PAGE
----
While the high street crumbles, Greggs is on a roll

The Drum 10 Jan 2019 04:00
While the high street crumbles, Greggs is on a roll

In a time of huge national division, people across the UK have united behind an unlikely banner: Greggs, the bakery.

Its £1 vegan sausage roll recently sparked a national frenzy. It sold out soon after launch and Greggs’ Twitter feed filled with messages reassuring customers that more would be available soon. Despite Piers Morgan fuelling the public debate, in his typical fashion, by criticising the chain for being ‘PC-ravaged clowns’, there are heaps of favourable reviews of the treat - from meat-eaters and vegans alike. And this masterclass in product roll-out is no fluke. Greggs knows exactly how to navigate a trend, and deploy a marketing tactic.

Under chief executive Roger Whiteside, appointed in 2013, Greggs has turned itself around. Firstly, it’s repositioned. It’s no longer a take-home offer: it’s ‘food-on-the-go’. Unbelievably affordable food-on-the-go at that. It’s got its pricing model right by applying serious rigour across its supply chain, which it owns. It will be investing £100m into manufacturing and distribution centres in the UK this year, meaning end-to-end control of its operations.

And communities have always been important to the business. Long before having a social purpose became popular, the brand was taking its responsibilities seriously. The Greggs Foundation, which is devoted to "Making a difference at the heart of our local communities", was set up in 1987 and distributes around £3m per year to local communities, running breakfast clubs in schools and donating unsold food to charities and food banks.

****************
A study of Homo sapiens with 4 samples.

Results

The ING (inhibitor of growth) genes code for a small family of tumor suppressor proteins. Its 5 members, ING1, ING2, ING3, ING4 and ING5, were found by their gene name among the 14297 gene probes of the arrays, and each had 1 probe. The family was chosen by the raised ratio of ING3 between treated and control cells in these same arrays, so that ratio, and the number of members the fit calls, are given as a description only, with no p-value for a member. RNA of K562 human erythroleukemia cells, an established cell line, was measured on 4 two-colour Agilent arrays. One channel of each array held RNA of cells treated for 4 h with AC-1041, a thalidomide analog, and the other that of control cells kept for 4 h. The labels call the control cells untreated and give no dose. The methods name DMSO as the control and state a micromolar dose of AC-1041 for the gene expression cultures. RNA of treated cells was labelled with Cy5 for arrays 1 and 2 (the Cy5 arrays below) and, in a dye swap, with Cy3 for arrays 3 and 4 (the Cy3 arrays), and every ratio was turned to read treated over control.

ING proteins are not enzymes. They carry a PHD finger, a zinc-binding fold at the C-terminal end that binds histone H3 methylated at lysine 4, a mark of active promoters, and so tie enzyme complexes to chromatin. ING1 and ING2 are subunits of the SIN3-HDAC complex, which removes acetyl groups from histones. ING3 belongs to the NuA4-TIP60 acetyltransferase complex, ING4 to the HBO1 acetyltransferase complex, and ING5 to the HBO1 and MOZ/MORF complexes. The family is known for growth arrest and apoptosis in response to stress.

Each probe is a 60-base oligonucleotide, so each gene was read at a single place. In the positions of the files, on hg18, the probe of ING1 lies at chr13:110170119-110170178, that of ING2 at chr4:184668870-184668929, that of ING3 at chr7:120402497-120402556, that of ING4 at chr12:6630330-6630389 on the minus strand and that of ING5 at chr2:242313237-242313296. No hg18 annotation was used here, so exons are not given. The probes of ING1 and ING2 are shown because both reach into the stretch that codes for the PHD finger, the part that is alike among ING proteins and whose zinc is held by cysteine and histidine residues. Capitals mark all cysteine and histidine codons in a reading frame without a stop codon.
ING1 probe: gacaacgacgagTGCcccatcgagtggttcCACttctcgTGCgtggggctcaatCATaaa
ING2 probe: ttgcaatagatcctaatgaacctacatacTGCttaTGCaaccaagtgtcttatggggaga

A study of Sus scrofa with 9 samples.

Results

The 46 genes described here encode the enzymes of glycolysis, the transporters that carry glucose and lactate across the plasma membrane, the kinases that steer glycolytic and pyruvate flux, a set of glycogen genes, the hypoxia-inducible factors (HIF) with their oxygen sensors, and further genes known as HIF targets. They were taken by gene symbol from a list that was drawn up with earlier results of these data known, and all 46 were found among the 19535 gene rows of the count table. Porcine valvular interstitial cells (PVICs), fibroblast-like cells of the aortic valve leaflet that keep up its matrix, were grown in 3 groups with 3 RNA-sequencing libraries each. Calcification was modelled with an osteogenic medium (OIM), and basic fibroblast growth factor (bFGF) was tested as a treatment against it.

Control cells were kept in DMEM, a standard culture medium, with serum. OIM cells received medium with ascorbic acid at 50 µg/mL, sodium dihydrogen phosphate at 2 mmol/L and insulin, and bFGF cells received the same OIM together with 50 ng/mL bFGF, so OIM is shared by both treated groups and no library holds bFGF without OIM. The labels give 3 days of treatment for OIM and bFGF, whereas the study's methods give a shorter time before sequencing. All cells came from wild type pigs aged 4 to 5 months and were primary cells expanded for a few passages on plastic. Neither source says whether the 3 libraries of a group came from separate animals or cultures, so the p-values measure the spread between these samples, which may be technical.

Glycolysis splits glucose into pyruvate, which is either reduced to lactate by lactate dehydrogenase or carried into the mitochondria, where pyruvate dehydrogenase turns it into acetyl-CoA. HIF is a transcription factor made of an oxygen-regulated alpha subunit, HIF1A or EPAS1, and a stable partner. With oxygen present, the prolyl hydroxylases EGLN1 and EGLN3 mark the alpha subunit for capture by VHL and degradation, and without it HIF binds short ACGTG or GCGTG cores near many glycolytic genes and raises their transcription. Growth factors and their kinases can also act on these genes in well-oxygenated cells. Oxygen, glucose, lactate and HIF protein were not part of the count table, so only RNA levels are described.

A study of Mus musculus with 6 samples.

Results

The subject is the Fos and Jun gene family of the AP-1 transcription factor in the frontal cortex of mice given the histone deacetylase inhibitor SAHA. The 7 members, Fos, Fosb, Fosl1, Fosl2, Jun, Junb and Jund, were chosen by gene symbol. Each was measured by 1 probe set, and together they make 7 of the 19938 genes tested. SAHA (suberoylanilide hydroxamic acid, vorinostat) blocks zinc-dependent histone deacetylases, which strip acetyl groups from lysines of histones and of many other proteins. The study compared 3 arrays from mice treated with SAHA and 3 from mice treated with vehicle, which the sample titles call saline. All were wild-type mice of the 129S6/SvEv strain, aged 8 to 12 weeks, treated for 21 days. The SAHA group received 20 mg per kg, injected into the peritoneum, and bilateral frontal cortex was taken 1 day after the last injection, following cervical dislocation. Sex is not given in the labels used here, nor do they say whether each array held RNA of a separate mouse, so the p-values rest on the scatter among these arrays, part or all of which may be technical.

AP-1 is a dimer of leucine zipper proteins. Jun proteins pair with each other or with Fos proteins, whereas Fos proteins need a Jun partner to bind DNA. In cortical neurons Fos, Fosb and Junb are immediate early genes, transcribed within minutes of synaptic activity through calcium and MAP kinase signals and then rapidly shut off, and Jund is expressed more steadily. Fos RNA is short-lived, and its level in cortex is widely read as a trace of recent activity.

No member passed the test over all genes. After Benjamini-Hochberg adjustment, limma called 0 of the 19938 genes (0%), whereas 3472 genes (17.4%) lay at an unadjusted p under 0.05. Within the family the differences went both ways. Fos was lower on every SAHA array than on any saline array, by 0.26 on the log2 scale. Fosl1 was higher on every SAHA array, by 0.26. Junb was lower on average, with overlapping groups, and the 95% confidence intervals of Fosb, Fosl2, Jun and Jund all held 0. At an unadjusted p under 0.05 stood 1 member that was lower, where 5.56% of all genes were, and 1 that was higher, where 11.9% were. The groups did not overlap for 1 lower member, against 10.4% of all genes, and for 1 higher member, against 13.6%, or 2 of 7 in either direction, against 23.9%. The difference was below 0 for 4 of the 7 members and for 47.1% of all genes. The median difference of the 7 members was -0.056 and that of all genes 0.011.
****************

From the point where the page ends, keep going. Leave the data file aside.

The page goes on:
It's built on a highly relatable notion of Britishness. It’s proud of its roots in the northeast, giving it a distinct personality and a strong connection to an original founder and a particular heritage. At the same time, it isn’t wedded to a nostalgic version of times past. Savvy marketing initiatives, including the reversed logo in Fenwicks’ window, keep it relevant and contemporary as a brand, and it never takes itself too seriously. It’s about pastry, after all.

The only real skeleton in the closet is around health. How are its high-fat, low-price and tempting products contributing to our growing obesity problem? Is providing a ‘healthier’ range, which makes up over 10% of sales, going far enough? All this being said, there’s a lack of judgement at the heart of the Greggs personality, meaning providing the stuff we love but probably shouldn’t have as much is a key part of its brand.

Sairah Ashman is global CEO at Wolff Olins.